Political debates matter. Take note, Chris Collins.
Focused matches between contending candidates allow the public a chance to compare arguments, policies and personalities. They offer respect to voters.
There is a flip side, too: Debates also offer the risk that candidates may slip and fall. For that reason, many incumbents are loathe to participate in debates. They may believe that the risks outweigh the rewards, given the advantages their offices provide.
For voters, though, none of that matters. Candidates have an obligation to appear in a public setting and to answer questions that add to voters’ ability to gauge their characters, their records and their intentions.
That is true for all candidates, and especially this year for Collins, R-Clarence. Collins has yet to agree to a public debate with his Democratic opponent, Grand Island Supervisor Nathan McMurray. Some may doubt that he will.
Collins, to be sure, is in what can accurately be described as a pickle: He’s been charged with federal felonies involving insider trading. Those allegations could land him in prison, along with his son, who was also charged. Those issues are already part of the campaign. They will be part of any debate. That’s the way it is.
But Collins has opted to stand for re-election, anyway. For reasons that apparently have more to do with legal strategy than public service, he reversed his decision to suspend his re-election campaign, as he previously announced he would.
That’s his right, of course, but candidacy creates obligations and, over the past several decades, debating your opponent has become one of them. He should take a deep breath, accept the invitation jointly offered by The Buffalo News, WGRZ-TV and WNED/WBFO. That would be a sign not just of seriousness of intent, but respect for voters who, more than ever, have a need to hear Collins answer the questions of serious, qualified and well-respected reporters.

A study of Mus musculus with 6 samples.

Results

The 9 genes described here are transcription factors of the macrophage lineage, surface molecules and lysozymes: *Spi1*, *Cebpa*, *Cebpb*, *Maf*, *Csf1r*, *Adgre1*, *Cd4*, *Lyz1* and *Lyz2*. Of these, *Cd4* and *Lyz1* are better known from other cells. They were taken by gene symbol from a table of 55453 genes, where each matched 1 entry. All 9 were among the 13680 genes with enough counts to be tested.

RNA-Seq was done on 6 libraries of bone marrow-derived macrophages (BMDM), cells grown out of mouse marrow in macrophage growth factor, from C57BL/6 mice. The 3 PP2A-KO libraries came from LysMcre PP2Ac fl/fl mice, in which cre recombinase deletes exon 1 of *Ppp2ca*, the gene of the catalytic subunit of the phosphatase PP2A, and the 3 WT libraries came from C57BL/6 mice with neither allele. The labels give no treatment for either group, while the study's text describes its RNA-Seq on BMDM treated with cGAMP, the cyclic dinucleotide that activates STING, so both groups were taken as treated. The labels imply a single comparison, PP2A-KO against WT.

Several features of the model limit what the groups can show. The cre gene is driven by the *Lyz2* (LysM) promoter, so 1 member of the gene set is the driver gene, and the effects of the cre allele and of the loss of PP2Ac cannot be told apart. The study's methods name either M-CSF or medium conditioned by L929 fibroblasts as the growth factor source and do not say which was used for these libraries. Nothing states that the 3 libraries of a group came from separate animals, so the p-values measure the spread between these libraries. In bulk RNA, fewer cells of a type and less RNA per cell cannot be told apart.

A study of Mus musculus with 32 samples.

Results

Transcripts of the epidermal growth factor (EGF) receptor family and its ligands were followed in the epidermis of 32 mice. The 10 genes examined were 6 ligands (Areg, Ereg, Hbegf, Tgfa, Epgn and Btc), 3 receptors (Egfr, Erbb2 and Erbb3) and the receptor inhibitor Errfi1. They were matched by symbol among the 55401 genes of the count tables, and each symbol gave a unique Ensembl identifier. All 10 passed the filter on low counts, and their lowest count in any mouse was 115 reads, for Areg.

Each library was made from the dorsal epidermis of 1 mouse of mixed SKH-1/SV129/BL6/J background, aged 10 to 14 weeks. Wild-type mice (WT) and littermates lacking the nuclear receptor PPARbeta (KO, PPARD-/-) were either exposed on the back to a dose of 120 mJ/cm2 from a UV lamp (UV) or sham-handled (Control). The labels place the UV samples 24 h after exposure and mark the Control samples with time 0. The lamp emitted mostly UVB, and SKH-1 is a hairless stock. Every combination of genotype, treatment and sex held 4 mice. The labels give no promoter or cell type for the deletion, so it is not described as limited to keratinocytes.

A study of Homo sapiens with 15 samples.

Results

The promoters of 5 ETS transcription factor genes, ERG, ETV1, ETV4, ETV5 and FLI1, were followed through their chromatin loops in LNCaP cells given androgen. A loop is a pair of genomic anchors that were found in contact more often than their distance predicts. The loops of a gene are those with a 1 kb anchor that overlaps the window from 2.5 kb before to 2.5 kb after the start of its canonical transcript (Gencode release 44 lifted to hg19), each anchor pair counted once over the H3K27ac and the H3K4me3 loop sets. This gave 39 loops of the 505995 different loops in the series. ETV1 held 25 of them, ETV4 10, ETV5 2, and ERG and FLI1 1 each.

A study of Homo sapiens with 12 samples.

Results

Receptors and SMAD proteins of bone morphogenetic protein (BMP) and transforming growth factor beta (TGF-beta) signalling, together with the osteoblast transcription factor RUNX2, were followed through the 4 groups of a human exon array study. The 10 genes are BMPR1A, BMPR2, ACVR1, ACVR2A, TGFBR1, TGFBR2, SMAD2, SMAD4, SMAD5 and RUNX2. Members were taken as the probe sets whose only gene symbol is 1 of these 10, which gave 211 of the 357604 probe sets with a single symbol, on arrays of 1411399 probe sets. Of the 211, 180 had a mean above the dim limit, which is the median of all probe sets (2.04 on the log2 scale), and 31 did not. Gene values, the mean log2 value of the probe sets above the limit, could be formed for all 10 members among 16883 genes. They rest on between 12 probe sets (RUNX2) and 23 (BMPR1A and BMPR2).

Collins is not alone in needing to take the stage, of course. All candidates – senators, governors, legislators – must make this tradition a part of their campaign routines.
That includes Gov. Andrew M. Cuomo, who only late in the primary season agreed to a single debate with Cynthia Nixon, his opponent in September’s election. The governor is under pressure because of this year’s corruption convictions of aides and others close to him, but that can’t be a reason not to debate.
Indeed, we expect that he will agree to debate, since he has done so in each of his previous two elections for governor and ultimately did so before last month’s primary. But there should be more than a single event, with at least one held upstate, preferably in Buffalo.
The election is now just five weeks away. It’s time to commit. Office-seekers are fundamentally asking voters to trust them. Collins, Cuomo and all political candidates needs to show up. It’s part of how they earn that trust.